The gloves are off and the front-teeth out as Tony Cascarino doles out his annual football awards.
Tony Cascarino, 20 Dec 2004
Best player: In terms of how important he is to his club, it has to be John Terry at Chelsea. If they win the league this season – which I think they will – it’ll be in large part due to his marshalling of their back four. He was good under Ranieri and even better under Mourinho who’s brought him on that extra 5 to 10%, which is the difference between a good and a great player. What’s more, being in his early twenties there’s still room for more improvement.
Best young player: Jermaine Defoe, Sean Wright-Phillips and Fabrice Fabregas have all done fantastically well for their clubs, but Wayne Rooney breaking into the England side and ending up second-highest scorer in Portugal was Roy of the Rovers stuff. My only concern with Wayne is his on the pitch behaviour, which has become increasingly petulant since his move to Manchester United.
Best Ireland player: The £17 million Chelsea spent on Damien Duff looks an absolute bargain now. It’s no exaggeration to say that on present form, he’s the best left-sided player in not just England but Europe and possibly the world. Another enormous plus is his temperament. He gets stuck in, yes, but he doesn’t pick up silly bookings or get sent-off á la Mr. Rooney.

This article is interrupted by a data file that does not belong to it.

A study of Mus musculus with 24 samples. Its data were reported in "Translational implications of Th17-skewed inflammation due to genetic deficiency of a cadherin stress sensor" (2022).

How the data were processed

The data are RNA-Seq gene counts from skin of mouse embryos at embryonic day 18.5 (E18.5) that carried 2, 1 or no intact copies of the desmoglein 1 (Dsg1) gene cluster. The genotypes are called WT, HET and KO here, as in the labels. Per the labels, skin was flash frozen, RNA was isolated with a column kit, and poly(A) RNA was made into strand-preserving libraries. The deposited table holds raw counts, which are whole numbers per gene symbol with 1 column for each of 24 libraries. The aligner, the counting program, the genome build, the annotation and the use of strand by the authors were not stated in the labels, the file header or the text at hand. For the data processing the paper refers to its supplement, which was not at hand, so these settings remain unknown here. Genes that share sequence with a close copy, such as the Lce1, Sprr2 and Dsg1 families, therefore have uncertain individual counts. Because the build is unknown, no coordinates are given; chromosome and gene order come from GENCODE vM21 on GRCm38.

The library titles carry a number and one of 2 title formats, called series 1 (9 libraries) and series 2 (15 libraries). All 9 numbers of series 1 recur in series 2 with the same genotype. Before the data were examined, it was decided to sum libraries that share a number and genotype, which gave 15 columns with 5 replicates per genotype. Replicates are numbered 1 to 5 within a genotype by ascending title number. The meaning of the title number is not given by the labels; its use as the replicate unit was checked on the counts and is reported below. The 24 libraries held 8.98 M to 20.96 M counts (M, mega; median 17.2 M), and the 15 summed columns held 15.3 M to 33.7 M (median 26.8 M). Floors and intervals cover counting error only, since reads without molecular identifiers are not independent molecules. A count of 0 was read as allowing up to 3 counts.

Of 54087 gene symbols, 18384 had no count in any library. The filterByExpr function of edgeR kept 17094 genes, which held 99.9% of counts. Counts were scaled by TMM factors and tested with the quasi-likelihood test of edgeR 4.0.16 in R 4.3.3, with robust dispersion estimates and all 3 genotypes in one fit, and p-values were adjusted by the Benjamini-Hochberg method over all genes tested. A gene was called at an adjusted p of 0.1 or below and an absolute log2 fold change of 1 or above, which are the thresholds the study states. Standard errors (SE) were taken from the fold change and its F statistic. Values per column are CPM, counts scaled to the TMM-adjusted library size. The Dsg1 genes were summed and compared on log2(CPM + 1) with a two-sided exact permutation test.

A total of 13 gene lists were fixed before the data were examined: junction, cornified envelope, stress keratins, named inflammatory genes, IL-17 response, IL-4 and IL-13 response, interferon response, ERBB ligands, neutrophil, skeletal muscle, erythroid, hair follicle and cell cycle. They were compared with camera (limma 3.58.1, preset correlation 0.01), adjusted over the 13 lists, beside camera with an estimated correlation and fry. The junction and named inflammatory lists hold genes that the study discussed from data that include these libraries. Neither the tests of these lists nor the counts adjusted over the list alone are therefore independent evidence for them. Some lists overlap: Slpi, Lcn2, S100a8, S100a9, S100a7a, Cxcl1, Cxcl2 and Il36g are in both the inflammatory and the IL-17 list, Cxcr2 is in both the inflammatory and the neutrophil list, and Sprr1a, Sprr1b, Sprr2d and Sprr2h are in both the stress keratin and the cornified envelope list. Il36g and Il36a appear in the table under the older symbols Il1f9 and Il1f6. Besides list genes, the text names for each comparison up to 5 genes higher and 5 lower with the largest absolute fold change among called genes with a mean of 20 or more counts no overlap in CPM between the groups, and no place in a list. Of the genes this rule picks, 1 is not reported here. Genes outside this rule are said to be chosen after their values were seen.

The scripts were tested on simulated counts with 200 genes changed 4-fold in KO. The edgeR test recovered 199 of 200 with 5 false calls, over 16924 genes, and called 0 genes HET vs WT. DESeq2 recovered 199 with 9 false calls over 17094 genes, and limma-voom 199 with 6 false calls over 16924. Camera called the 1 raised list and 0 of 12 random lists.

Best goal: The importance and greatness of a goal are often different things, but Zidane’s free-kick against England balanced the two perfectly. France needed a goal and he delivered with a screamer of a shot.
Best manager: José Mourinho – firstly for winning the Champions League with a Porto side that cost less to assemble than Real Madrid spent on David Beckham, and secondly for taking just five months to transform Chelsea into the best team in the Premiership. The jury’s still out on Drogba, but otherwise all of his signings have delivered almost instantly. Their second-half display against Newcastle the other week was the closest thing to total football I’ve seen since the classic Dutch team of the ‘70s. At the other end of the scale, Ian Dowie winning promotion with a Crystal Palace side that was 17th in the First Division at Christmas was a staggering achievement.